Many homeowners want the look of brick or wood on their interior walls, but they don’t want the expense of buying it or the hassle of installing it. So, they look for alternatives. If you’re trying to decide between wood panels and faux-finish wallpaper, the designers at Ninth & Vine want you to know what makes decorative wall panels superior.
Faux Finishes for Walls
Unless your home is filled with architectural details such as crown molding, corbels, columns or wainscoting, you face the challenge of dealing with four flat, empty walls in every room. Choosing fresh paint colors and hanging art on the walls can be fun, but the result is still fairly ordinary.
If we say something “fell flat,” we mean it went poorly. Flat is also a synonym for bland, lifeless, dull, weak and blah. A lot of things are bad if they’re flat: a singing voice, feet, hair, emotions. If you “flat line,” it means you died.
Texture brings a whole new level of interest to a flat space. It’s a bit like the difference between a painting and a sculpture. Each has its merits, but if we were decorating our homes with these works of art, we would want a bit of each, and not all of one or the other.
Walls with texture stimulate the senses, they draw you in visually and bring depth to a space. The rough texture of wood and brick deliver an impact — they’re strong and sturdy-looking and make you feel safe and warm.
Contrast is key in designing a visually interesting room. The concept of accent walls is rooted in this principle. Homeowners have and still do paint a single wall in a room a different color for contrast. This has an impact, albeit less of one than textured wall panels.
When you want to add texture and visual interest to a room, you have to ask yourself how far you want to go, and how to get the most bang for your buck.
Alternatives to Decorative Wall Panels
Whether you chose it for yourself, or your home came with it, oftentimes ceilings or walls can sport textured finishes such as stucco, orange peel or popcorn. More often than not, these techniques are used more to cover up walls and ceilings with imperfections than to add visual interest. They may look OK at first, but all these finishes are a nightmare to keep clean. Their convolutions attract dust and cobwebs, and if you try to remove them with a dust rag, you’ll just make it worse.
Wallpaper is much easier to clean. However, not all walls are suitable for wallpaper.
If your walls are plaster, they are likely not completely flat. You may or may not be able to tell this from looking at your walls in a bright light. But you will notice as soon as you put wallpaper on them.
Unfortunately, wallpaper highlights imperfections in walls. If you have wallboard with dings in it, the wallpaper will not lie smooth over it. Worse, in time, wallpaper installed on walls that are not even and smooth will bubble and buckle.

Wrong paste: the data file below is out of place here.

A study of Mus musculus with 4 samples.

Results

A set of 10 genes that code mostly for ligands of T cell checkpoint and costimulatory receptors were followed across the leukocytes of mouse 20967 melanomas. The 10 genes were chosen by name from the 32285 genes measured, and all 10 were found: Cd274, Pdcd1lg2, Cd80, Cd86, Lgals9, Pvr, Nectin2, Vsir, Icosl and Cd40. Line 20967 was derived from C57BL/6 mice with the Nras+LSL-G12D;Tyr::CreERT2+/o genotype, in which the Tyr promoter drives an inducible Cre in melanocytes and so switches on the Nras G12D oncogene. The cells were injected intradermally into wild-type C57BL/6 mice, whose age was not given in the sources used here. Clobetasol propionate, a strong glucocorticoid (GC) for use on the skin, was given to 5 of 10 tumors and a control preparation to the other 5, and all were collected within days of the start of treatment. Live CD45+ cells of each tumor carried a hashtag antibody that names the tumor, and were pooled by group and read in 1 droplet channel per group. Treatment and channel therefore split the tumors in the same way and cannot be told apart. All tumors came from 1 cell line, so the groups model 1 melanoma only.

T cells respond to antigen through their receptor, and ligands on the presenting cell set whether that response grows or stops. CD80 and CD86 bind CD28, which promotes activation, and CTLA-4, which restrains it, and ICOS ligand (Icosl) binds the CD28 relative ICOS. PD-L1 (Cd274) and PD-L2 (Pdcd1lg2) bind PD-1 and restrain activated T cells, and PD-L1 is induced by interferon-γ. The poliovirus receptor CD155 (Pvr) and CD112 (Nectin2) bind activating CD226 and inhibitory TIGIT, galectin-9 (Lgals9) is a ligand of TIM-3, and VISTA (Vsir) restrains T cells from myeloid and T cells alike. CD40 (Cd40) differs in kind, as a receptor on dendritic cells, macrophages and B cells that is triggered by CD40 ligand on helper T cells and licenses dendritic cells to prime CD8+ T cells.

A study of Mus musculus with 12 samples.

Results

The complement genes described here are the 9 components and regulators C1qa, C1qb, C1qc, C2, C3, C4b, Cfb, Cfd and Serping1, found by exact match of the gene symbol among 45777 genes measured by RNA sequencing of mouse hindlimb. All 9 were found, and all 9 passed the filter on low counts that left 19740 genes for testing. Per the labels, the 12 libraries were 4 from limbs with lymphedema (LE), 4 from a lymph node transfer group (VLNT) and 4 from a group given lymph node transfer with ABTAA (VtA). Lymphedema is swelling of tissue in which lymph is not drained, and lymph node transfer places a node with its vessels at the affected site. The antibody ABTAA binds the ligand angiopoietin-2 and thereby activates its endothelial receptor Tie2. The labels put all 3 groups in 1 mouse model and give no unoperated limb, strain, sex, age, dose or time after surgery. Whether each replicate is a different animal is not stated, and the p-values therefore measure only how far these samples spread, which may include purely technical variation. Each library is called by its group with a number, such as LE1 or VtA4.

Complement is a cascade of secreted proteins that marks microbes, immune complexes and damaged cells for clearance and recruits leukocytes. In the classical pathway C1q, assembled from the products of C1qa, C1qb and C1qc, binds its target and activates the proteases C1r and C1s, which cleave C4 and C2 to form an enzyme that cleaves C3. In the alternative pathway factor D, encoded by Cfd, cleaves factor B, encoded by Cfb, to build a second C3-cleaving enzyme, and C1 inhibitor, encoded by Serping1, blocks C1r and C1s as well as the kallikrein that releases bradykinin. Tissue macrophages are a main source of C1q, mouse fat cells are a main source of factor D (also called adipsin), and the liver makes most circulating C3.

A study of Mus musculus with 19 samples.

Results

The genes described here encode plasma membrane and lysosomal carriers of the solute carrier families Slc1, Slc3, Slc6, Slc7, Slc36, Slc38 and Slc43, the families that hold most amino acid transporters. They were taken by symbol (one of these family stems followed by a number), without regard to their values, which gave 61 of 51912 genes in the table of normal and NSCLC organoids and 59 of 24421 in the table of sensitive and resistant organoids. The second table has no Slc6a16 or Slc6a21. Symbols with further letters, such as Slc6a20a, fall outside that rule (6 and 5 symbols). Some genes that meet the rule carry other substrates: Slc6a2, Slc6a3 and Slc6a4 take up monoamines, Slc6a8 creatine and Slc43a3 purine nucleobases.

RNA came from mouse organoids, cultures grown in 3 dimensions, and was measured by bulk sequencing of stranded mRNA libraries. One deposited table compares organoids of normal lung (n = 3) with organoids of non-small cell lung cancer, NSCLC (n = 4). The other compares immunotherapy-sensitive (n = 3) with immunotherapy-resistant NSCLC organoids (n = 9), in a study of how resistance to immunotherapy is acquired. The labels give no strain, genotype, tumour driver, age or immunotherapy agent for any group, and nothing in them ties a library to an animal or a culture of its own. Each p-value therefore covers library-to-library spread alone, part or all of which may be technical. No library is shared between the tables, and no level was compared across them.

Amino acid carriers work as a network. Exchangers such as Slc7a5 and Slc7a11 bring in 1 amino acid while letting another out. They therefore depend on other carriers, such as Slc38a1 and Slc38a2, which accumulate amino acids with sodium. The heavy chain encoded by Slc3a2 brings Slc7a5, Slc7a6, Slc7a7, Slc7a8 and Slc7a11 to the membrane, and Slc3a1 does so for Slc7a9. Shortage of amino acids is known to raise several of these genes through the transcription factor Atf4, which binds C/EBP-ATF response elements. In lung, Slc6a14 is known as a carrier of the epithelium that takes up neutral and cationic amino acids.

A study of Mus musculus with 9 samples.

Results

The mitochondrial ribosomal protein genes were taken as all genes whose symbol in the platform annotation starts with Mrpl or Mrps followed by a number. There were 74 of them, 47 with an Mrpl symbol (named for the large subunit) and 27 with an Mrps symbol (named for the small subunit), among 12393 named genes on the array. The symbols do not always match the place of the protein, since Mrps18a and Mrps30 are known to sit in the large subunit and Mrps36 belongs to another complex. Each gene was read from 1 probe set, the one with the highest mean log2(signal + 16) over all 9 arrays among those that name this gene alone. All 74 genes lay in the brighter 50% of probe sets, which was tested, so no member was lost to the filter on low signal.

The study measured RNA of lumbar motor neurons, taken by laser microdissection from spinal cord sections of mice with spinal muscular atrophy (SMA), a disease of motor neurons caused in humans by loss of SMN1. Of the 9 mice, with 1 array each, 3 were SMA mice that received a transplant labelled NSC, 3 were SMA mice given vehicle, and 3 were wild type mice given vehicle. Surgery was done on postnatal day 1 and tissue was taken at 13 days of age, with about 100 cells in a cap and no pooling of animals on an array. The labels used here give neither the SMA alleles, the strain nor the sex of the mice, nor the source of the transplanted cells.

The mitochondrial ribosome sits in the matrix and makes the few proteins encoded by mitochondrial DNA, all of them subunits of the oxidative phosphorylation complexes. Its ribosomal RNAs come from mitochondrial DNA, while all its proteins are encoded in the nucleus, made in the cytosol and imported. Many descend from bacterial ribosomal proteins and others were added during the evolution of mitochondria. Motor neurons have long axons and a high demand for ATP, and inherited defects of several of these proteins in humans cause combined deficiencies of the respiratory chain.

When you consider the cost of wallpaper and the trouble you must go through to hang it properly, you want it to last for many years.
Seems like you could highlight the “flatness” of wallpaper vs textured wall panels as a negative not just wall imperfections? E.g., brick patterned wallpaper, vs. faux brick?
Faux Brick Wall Paneling
Many of our customers come to our site to shop for faux brick wall paneling. Brick instantly adds warmth and dimension to a space. But real brick — even brick veneer (thin pieces of brick) — is heavy. Installing brick over an entire wall can put a strain on the construction. And if your floors aren’t level (and many aren’t), you’ll need to correct this problem before you start your project.
Installing real brick is also a lot of work. You need adhesives, trowels, spacers and more. Whether you use single brick veneers or preassembled sheets, the danger of waking up the next morning to find some are no longer properly adhered to the wall — or even on the floor — is real.
You don’t have these problems with faux brick wall panels. They’re lightweight and easy to install. Ninth & Vine’s faux brick wall panels come with a peel-and-stick adhesive, so there’s no glue and no mess. Just press the panels onto the wall and you’re done.
Decorative Wood Panels for Walls
Afixing real wood panels to your walls involved nailing, which does damage to the wall underneath. It further presents a challenge because your nails have to hit the studs underneath the wallboard. If you have ever used a stud finder, you understand the frustration that accompanies this semi-reliable tool.
Our customers love our shiplap, available in several shades of white and gray. They immediately give your home a rustic, Colonial look, or a beach vibe, depending on your décor choices. Use them in the office, the bedroom or any room in your home.
Ninth & Vine’s reclaimed wood style panels deliver an urban feel, or an arty or weathered look to your space. You can even use our decorative wood wall paneling in the kitchen — just apply a coat of sealer to keep out moisture to avoid warping.
Other Benefits of Faux Panels for Walls
Depending on the area in which you live and the style of wall you choose, adding textured wall panels can increase your home’s value.